Holidays Calendar for September 14, 2014

San Jacinto Day is a Nicaraguan public holiday celebrated on September 14. It commemorates the Battle of San Jacinto which took place in 1856 during the Filibuster War.

Grandparents' Day is a new holiday in Estonia. It's celebrated annually on the second Sunday in September since 2010. The holiday was established by the government of Estonia in order to strengthen relations between different generations within the families.


The Feast of the Exaltation of the Holy Cross (Khachaverats) is one of the most important feasts in the Armenian Apostolic Church. It is typically observed on the Sunday closest to September 14.


Tankman's Day is one of the Russian professional days, established by presidential decree in order to honor and appreciate the role of tankmen in defense of the country and the role they played during World War II.





Latvia is adopting new traditions and holidays, that promote valuable cultural ideas. For instance, relatively recently Latvians started celebrating Father's Day, that annually falls on the second Sunday in September.





Nepal is the land of festivals and colorful events, that people enjoy very much. One of the most favorite non-religious events in Nepal is Children's Day, that's annually celebrated on September 14 (or September 15 in leap years).

Racial Justice Sunday is observed by Christian churches in the United Kingdom on the second Sunday in September. It focuses on celebrating human diversity and raising awareness of the importance of overcoming prejudices.




  • 2009 Died: Patrick Swayze, American actor, dancer and singer-songwriter best known for his roles in Dirty Dancing, Ghost, Point Break, Donnie Darko.
  • 2008 Aeroflot Flight 821 crashed on approach to Perm Airport, Perm, Russia, killing all 88 people on board. It was a controlled flight into terrain.
  • 2005 Died: Robert Wise, American filmmaker who won Academy Awards for Best Director and Best Picture for West Side Story and The Sound of Music.
  • 2000 Microsoft launched Windows Millennium Edition, also known as Windows ME. This release had a short shelf-life of just over a year.
  • 1984 Retired U.S. Air Force pilot Joseph Kittinger began his solo Atlantic crossing in a gas balloon. He was the first to complete such a crossing.
  • 1983 Born: Amy Winehouse, English singer-songwriter known for her eclectic mix of musical genres and deep vocals. She died at the age of 27.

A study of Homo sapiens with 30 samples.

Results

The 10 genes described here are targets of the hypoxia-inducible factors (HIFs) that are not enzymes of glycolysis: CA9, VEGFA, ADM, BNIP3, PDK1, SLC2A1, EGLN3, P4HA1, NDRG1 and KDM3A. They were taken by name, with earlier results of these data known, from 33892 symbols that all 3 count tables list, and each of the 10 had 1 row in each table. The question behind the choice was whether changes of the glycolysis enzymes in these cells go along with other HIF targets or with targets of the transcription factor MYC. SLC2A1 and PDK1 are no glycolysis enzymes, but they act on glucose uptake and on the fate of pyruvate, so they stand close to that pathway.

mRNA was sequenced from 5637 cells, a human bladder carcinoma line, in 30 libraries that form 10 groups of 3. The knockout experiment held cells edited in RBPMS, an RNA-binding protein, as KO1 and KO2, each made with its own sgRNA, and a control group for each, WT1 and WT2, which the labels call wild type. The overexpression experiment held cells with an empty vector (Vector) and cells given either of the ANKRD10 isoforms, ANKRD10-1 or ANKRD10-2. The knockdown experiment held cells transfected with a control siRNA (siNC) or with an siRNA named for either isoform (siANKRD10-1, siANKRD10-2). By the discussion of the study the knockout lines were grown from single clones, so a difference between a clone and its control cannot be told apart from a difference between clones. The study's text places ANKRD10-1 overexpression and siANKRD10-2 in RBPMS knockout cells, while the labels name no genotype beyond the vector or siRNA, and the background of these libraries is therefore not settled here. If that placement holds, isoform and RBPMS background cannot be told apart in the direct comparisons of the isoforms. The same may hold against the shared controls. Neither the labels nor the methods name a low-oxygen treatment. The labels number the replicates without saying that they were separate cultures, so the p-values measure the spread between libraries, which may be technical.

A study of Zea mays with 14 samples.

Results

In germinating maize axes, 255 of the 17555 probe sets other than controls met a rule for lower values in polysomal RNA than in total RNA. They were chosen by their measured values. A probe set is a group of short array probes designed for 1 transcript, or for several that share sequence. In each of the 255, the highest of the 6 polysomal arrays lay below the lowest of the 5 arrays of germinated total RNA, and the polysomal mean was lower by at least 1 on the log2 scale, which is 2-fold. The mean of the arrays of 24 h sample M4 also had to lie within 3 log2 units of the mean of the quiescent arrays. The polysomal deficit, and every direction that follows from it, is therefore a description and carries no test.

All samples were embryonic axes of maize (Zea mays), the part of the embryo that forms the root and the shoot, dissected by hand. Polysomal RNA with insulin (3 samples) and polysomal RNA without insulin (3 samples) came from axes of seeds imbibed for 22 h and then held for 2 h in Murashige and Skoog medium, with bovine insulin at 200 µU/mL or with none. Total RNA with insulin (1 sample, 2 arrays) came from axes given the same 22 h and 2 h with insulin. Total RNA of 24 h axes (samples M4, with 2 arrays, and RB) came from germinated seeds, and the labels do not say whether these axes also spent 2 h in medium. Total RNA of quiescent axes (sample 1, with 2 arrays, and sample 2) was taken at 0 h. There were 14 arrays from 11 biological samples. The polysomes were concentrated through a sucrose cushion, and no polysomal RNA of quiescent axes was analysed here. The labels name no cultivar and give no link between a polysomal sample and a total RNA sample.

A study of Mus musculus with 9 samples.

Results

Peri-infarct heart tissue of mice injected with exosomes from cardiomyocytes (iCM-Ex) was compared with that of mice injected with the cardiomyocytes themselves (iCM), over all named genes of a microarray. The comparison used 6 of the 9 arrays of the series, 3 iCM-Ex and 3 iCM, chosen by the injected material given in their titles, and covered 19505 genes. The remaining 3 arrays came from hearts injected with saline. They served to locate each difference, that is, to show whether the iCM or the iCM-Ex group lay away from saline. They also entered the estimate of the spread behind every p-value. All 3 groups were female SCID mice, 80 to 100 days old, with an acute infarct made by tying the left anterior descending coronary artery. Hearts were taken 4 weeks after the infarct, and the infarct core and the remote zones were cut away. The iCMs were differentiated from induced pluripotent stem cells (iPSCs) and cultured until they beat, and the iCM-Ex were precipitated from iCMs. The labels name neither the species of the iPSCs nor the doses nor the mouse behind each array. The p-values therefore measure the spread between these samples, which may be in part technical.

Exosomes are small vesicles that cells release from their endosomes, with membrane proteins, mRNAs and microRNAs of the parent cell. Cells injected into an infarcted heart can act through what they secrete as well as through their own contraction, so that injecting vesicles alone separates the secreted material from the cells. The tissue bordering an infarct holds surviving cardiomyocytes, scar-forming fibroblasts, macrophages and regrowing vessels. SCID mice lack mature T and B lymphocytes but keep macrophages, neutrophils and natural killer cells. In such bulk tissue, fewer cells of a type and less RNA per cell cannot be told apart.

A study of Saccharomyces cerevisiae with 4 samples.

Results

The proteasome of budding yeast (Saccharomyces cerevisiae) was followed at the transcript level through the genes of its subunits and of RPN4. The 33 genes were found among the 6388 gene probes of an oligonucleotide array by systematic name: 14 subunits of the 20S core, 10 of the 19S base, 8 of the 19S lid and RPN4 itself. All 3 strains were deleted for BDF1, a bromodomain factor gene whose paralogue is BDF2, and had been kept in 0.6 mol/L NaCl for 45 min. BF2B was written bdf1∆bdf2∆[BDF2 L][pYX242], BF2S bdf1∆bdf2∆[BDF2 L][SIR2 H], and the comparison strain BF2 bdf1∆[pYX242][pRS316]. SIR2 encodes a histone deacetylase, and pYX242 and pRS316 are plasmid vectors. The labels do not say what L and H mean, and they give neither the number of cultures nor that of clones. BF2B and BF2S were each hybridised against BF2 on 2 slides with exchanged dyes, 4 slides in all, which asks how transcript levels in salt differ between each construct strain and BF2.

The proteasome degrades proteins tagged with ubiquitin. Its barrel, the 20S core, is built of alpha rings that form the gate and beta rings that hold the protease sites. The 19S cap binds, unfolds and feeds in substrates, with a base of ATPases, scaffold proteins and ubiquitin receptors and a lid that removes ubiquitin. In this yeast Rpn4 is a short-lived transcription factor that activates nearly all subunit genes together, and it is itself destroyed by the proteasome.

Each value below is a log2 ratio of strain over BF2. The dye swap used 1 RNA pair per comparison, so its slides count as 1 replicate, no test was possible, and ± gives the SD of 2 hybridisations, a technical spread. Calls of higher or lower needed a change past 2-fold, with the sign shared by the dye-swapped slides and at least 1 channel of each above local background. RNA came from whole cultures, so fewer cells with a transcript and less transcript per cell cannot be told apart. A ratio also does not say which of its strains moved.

• 1982 Died: Grace Kelly, American actress and Princess of Monaco. She met Prince Rainier III at the 1955 Cannes Film Festival and married him in 1956.
  • 1975 Elizabeth Ann Seton became the first American to be canonized by the Roman Catholic Church. She was canonized by Pope Paul VI.
  • 1965 Born: Dmitry Medvedev, Russian lawyer, statesman, and politician who served as the third President of Russia from 2008 to 2012.
  • 1960 Organization of the Petroleum Exporting Countries (OPEC) was established in Baghdad, Iraq. As of 2015, it has a total of 12 member states.
  • 1959 Born: Morten Harket, Norwegian musician and singer-songwriter, primarily known as the lead singer of the synthpop/rock band A-ha.
  • 1954 The Soviet army undertook a nuclear exercise in Totskoye range in order to explore defensive and offensive warfare during nuclear war.
  • 1939 Igor Sikorsky's single-engine helicopter Vought-Sikorsky VS-300 made its first flight. It was flown by Sikorsky himself, tethered by cables.
  • 1937 Died: Tomáš Garrigue Masaryk, Czechoslovak politician, sociologist and philosopher, who served as the first President of Czechoslovakia.
  • 1936 Born: Ferid Murad, American pharmacologist and physician who was co-awarded the 1998 Nobel Prize in Physiology or Medicine.
  • 1927 Died: Isadora Duncan, American dancer and choreographer who had to leave the United States due to her pro-Soviet sympathies.
  • 1920 Born: Alberto Calderón, Argentine mathematician. He is regarded as one of the most influential mathematicians of the 20th century.
  • 1920 Born: Lawrence Klein, American economist who won the 1980 Nobel Memorial Prize in Economic Sciences for the creation of econometric models.
  • 1915 Born: John Dobson, American amateur astronomer who designed the Dobsonian telescope, a type of the Newtonian telescope.
  • 1901 Died: William McKinley, American politician who served as the 25th President of the US. He was assassinated during his second term.
  • 1879 Born: Margaret Sanger, American nurse, sex educator, and birth control activist, known for opening the first birth control clinic in the USA.
  • 1864 Born: Robert Cecil, British lawyer, politician, and diplomat. He was awarded the 1937 Nobel Peace Prize for his work with the League of Nations.
  • 1852 Died: Augustus Pugin, English architect, designer, artist, and citric who created the interior design for the Palace of Westminster.
  • 1851 Died: James Fenimore Cooper, American author of historical fiction whose best known work is his Romantic novel The Last of the Mohicans.
  • 1829 Russia and the Ottoman Empire signed the Treaty of Adrianople, also known as the Treaty of Edirne, that ended the Russo-Turkish War.
  • 1812 Napoleon Bonaparte's troops entered Moscow following the Battle of Borodino. The fire that broke out that day destroyed most of the city.
  • 1769 Born: Alexander von Humboldt, Prussian naturalist, geographer, and explorer, best known for his contributions to botanical geography.
  • 1712 Died: Giovanni Domenico Cassini, Italian mathematician, engineer, astronomer, and astrologist. He discovered four satellites of Saturn.
  • 1638 Died: John Harvard, English-American minister and philanthropist, who contributed to the foundation of the college that was named after him.
  • 786 Harun al-Rashid became the fifth Abbasid Caliph, following the death of his brother Al-Hadi. He ruled during the peak of the Islamic Golden Age.